Saturday, January 17, 2009

My take on Saturday's CMU-Ball State game

The game will be broadcast on Fox Sports Detroit — kind of a surprise to me when I saw that watching the Pistons lose to Oklahoma City (!) tonight. Here's my column from Friday's Central Michigan Life. I will also update from Rose Arena Saturday, so stay posted.

Simply put, Saturday's game is the most important of the season so far for the men's basketball team. And it comes against an inspired team that has come together.

Ball State, off to its best start in nine years, comes to Rose Arena at 4:30 p.m. without its leading scorer Anthony Newell, who shattered his right leg on Saturday against Eastern Michigan. The Cardinals, just like their football team lost, must face the Mid-American Conference without their best player and face of the program.

And both suffered horrific injuries. Both Newell's leg and receiver Dante Love's neck injuries sent them to the nearest local hospital for emergency surgery.

The six-foot, five-inch senior forward was not only the team's best player, he was also one of the MAC's best. Newell's versatility made him one of the league's most exciting players to watch.

He led the team in points 16.9 points per game and eight rebounds last season and was averaging 15.2 points and 9.4 rebounds this season.

It's unfortunate, but also part of the game. CMU knows all about having to fill the voids left by injured teammates. Two starters - Marko Spica (knee) and Chris Kellermann (ankle) are likely done for the season, leaving the team dangerously thin in the post.

But two losses into its Mid-American Conference schedule, CMU needs to make some changes. Easier said than done, but here are three ways Central can win its first game since Dec. 15:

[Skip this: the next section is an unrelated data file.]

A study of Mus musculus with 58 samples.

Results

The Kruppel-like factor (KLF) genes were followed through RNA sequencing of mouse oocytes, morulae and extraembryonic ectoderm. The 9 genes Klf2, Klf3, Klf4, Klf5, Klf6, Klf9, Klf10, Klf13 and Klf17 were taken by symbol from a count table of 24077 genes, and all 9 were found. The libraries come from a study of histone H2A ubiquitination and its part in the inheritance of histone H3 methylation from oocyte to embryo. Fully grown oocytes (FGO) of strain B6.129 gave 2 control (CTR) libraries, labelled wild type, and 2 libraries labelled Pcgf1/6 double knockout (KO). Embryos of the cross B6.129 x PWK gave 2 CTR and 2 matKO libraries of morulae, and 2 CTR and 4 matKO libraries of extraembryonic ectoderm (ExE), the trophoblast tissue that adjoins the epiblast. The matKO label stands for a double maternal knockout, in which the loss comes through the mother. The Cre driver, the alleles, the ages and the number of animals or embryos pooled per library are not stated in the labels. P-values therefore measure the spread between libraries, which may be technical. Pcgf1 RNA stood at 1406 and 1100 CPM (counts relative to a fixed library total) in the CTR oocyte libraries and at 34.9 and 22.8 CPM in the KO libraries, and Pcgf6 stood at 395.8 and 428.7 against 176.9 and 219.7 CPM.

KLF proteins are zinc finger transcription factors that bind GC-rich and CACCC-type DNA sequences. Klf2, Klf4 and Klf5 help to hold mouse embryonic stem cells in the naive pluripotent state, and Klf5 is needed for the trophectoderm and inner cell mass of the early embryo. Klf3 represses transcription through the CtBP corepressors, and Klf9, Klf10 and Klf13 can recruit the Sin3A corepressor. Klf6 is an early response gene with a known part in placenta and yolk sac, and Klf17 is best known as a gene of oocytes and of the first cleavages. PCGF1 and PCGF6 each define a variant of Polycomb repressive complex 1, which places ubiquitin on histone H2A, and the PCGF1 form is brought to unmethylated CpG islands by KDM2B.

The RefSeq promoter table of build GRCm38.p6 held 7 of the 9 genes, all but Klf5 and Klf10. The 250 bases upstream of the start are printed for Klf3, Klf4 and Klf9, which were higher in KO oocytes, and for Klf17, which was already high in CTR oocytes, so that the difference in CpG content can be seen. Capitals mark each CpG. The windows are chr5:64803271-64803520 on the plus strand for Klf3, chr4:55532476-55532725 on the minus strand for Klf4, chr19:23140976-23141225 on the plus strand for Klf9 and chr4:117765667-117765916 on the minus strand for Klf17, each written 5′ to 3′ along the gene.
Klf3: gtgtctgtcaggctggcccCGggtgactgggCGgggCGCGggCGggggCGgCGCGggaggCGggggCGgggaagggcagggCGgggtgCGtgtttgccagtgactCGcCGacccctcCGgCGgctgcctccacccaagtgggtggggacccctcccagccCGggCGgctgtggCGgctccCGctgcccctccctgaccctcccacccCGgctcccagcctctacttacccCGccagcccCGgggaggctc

Play defense.

In CMU's three wins this season, it did not allow opponents to score more than 68 points. CMU is in no state to outscore its opponents, but it can hold down the defensive end of the floor.

"Even if we struggle to score 60-65 points, we still should be able to hold teams to less than 40 percent shooting and less than 60-65 points," said junior guard Jordan Bitzer. "It doesn't really matter what we do offensively, just what we do on defense."

Stay out of foul trouble.

Central cannot afford to sit its most effective players on the bench during the game's crucial situations. This is especially important for senior forward Marcus Van, who has committed at least four fouls in five of his 10 games this season. The Chippewas just don't have the depth to compete when two or more starters are unavailable.

Make free throws.

CMU ranks second-worst in the conference at 60.2 percent. Never was it more glaring, however, than Tuesday's 84-77 double overtime loss to Eastern Michigan. CMU's 20-of-33 effort made the difference between a win and a loss. CMU also missed eight in a nine-point loss to Western Michigan on Saturday.

"It's just a matter of confidence," Van said. "If we go up and miss the first couple, we kind of put our heads down and the we'll just keep missing them and missing them."

A win would alleviate some of the sting from the first two losses to in-state rivals EMU and WMU, but then Central heads on the road for two more against Toledo and Northern Illinois.

But success must start somewhere, and Saturday is as much of an opportune time as ever.


  1. I agree that CMU needs to shoot better free throws. To lump ALL the players together in that argument is unfair. From the strip, Bitzer is shooting .929, Allen is shooting .778 and Harman is shooting .731. On the other end of the spectrum Van is shooting .519, Weary .542 and Hardiman .455. Of the active players those 6 represent 89% of CMU's foul shots taken. Either the right guys need to get to the line, and/or the bottom 3 need to get it together.

  2. Chip BBall Fan,

    Thanks for posting. I agree with you, and that's one thing that I failed to mention. It's not everyone that's struggling, but it's a majority. But it does matter who gets to the line for CMU. Unfortunately, other teams know who struggles at the line and foul those players more frequently. That's the trouble with poor free throw shooting — it's hard to overcome because whenever that player is on the floor, he's a liability at the line. But those who do shoot well (Bitzer, Harman, Allen) do need to drive more and draw more fouls. We'll see how it pans out for the rest of year.